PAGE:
Editorial: Worth remembering
From the Mathews Journal of July 10, 1913:
"It must have been an inspiring sight at Gettysburg last week when the heroes of the blue and gray clasped hands in mutual admiration, esteem and friendship. Fifty years ago while thousands of cannon belched forth flame and death these same men grappled in bloody conflict, each willing to die in defense of what he believed to be right. What a tremendous contrast in these two scenes—the one so typical of war which has rightly been described as hell—the other exhaling the sweet beneficent air of peace. Those heroes of Gettysburg may speak with a pride that is pardonable of their exploits of former days but they should be prouder still of the glorious advance of our reunited country and thankful for the assurance that never again will friends and brothers be brought into conflict by civil war.
"More than 20,000 veterans attended the reunion."
To this sentiment, written 100 years ago about the men who were at that terrible battle of 1863, we can only echo "amen."
The hatchet, however, has not always stayed buried. The war was still being fought around potbellied stoves in general stores in 1913, and today echoes of the great division can be heard in our political discourse: Blue states and red states. The Voting Rights Act. Affirmative action. And the endless debate of whether slavery or states’ rights brought the North and South into their fatal clash.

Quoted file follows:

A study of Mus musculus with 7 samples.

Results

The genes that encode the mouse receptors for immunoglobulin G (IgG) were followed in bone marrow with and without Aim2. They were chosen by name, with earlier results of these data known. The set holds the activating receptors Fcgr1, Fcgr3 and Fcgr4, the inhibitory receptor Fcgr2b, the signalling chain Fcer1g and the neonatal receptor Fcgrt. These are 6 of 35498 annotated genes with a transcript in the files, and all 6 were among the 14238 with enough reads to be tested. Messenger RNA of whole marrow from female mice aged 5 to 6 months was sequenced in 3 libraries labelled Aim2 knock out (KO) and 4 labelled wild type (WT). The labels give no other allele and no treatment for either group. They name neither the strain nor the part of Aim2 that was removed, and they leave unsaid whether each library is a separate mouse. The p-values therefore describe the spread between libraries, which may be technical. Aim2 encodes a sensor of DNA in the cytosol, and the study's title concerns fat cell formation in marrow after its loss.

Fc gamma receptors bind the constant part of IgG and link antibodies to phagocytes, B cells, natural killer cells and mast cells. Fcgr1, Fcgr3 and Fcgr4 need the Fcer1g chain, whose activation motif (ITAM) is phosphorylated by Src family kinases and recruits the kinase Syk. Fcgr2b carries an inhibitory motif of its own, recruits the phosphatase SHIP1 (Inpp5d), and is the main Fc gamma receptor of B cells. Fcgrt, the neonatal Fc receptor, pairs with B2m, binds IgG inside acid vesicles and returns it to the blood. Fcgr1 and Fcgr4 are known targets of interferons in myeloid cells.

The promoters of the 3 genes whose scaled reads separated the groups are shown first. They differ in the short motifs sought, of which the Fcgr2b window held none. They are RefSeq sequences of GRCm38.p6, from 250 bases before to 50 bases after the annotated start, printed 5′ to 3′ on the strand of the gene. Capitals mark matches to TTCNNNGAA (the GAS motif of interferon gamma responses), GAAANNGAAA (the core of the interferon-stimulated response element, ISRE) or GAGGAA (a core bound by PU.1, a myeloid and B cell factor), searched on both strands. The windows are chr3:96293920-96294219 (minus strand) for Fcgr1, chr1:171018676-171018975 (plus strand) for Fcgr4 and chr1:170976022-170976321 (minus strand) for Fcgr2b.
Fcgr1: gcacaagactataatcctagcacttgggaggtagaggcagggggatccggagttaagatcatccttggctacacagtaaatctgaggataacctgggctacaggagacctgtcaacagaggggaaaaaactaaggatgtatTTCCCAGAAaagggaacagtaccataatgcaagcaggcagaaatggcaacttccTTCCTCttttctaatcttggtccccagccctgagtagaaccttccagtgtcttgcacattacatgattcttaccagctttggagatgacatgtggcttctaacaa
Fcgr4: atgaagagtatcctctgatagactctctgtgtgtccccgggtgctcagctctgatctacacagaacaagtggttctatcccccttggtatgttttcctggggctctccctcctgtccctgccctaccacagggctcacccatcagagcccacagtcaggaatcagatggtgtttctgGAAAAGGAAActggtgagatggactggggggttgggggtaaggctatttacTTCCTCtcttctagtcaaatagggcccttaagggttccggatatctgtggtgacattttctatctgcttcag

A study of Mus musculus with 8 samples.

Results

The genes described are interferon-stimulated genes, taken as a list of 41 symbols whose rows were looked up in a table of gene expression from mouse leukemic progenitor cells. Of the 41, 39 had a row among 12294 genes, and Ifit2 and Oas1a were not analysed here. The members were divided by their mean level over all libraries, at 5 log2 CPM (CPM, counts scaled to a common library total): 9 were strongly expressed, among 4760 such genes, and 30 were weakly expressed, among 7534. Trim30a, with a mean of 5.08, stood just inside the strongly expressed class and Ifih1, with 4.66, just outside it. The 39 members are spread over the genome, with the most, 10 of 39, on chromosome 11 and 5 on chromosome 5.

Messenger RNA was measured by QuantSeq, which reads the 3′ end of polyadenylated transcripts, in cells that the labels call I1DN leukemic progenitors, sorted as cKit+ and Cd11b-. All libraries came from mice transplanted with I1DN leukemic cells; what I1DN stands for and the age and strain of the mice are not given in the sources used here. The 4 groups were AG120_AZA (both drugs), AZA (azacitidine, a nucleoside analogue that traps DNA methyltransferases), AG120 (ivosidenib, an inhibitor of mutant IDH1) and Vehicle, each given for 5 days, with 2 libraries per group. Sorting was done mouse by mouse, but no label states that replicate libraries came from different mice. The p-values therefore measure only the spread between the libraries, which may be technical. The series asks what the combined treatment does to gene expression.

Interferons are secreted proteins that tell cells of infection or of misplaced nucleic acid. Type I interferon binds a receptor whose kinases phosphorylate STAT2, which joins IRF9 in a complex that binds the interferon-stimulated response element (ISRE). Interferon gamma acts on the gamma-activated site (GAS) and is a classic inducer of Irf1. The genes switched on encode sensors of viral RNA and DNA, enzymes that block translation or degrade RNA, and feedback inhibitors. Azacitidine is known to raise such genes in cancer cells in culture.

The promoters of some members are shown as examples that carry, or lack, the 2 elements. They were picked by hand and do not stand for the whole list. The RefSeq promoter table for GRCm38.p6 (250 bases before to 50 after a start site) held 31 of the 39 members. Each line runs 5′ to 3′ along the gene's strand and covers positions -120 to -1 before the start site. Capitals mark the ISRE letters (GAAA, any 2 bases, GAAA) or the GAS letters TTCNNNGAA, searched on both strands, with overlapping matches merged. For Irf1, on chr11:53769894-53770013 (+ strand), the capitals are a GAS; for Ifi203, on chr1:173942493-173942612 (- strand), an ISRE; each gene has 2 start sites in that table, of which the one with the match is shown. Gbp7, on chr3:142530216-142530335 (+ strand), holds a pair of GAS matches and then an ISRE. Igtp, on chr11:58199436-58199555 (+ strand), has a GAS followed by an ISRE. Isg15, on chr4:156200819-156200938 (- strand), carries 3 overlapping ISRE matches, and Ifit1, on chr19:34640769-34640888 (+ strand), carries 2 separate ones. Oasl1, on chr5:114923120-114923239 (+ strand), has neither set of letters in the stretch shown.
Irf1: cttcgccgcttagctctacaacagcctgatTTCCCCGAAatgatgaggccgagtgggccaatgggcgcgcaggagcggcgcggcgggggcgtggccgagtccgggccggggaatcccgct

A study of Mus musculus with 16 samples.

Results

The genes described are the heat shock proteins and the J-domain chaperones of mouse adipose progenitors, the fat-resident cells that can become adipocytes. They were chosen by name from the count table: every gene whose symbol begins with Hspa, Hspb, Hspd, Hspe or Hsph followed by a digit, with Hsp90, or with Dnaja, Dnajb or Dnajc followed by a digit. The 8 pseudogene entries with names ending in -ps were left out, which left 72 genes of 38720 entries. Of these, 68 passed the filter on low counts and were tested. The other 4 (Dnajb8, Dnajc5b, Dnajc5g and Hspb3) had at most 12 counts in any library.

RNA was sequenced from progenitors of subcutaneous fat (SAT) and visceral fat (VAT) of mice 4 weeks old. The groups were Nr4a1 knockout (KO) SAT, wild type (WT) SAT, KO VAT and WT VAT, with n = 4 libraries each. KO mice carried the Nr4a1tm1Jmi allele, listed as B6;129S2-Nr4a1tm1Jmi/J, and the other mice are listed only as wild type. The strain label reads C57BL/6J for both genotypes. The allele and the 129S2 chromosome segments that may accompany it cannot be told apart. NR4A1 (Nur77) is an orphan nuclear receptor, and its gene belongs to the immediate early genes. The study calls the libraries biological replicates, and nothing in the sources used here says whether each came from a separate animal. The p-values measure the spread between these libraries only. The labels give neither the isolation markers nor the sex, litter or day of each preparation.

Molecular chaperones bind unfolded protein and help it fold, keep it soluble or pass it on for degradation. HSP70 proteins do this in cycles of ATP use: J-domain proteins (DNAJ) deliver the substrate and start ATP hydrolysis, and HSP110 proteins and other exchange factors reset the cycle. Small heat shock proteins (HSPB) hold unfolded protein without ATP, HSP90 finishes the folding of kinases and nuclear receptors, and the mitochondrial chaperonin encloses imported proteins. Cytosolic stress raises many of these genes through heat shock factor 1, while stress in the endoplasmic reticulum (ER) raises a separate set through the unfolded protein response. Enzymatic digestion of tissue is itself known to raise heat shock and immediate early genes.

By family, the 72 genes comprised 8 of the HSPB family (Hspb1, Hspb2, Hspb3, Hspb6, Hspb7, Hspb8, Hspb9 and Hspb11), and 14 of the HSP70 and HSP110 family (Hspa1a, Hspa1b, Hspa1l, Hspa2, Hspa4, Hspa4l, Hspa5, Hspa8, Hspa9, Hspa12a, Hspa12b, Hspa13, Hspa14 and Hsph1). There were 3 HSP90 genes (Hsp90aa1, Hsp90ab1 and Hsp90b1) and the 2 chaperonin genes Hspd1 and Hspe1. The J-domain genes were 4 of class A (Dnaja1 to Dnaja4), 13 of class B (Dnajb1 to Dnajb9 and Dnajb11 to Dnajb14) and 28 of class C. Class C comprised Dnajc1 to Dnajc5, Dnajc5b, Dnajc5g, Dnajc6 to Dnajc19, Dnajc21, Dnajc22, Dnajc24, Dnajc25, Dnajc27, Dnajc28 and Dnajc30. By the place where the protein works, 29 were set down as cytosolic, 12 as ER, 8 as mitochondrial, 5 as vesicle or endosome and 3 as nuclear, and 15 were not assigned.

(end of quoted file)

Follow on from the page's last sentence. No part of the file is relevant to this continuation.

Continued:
The civil rights debates and legislation of half a century ago renewed feelings of anger that had lain dormant through the long and unchallenged reign of Jim Crow. But now we have a black president. There is much progress.
Re-enactors create the battles anew, but they often switch sides, taking off the gray and putting on blue, or vice-versa, to even up the numbers. Commemorations of Gettysburg and other seminal events of 150 years ago carry dual themes of remembering (so as not to repeat) and reconciliation. Most people in all sections, today, want permanent tickets on the unity train.
But it will take many more generations for the Civil War, our great nation’s greatest mistake, to be truly over and forgotten.
Those old veterans at Gettysburg, who had survived the terrors of that battle and so many others, knew in their bones what their descendants have had to learn academically: that never again should friends and brothers be brought into conflict by civil war.
Scenes of that 50-year reunion at Gettysburg are everywhere on the internet these days. They are worth viewing.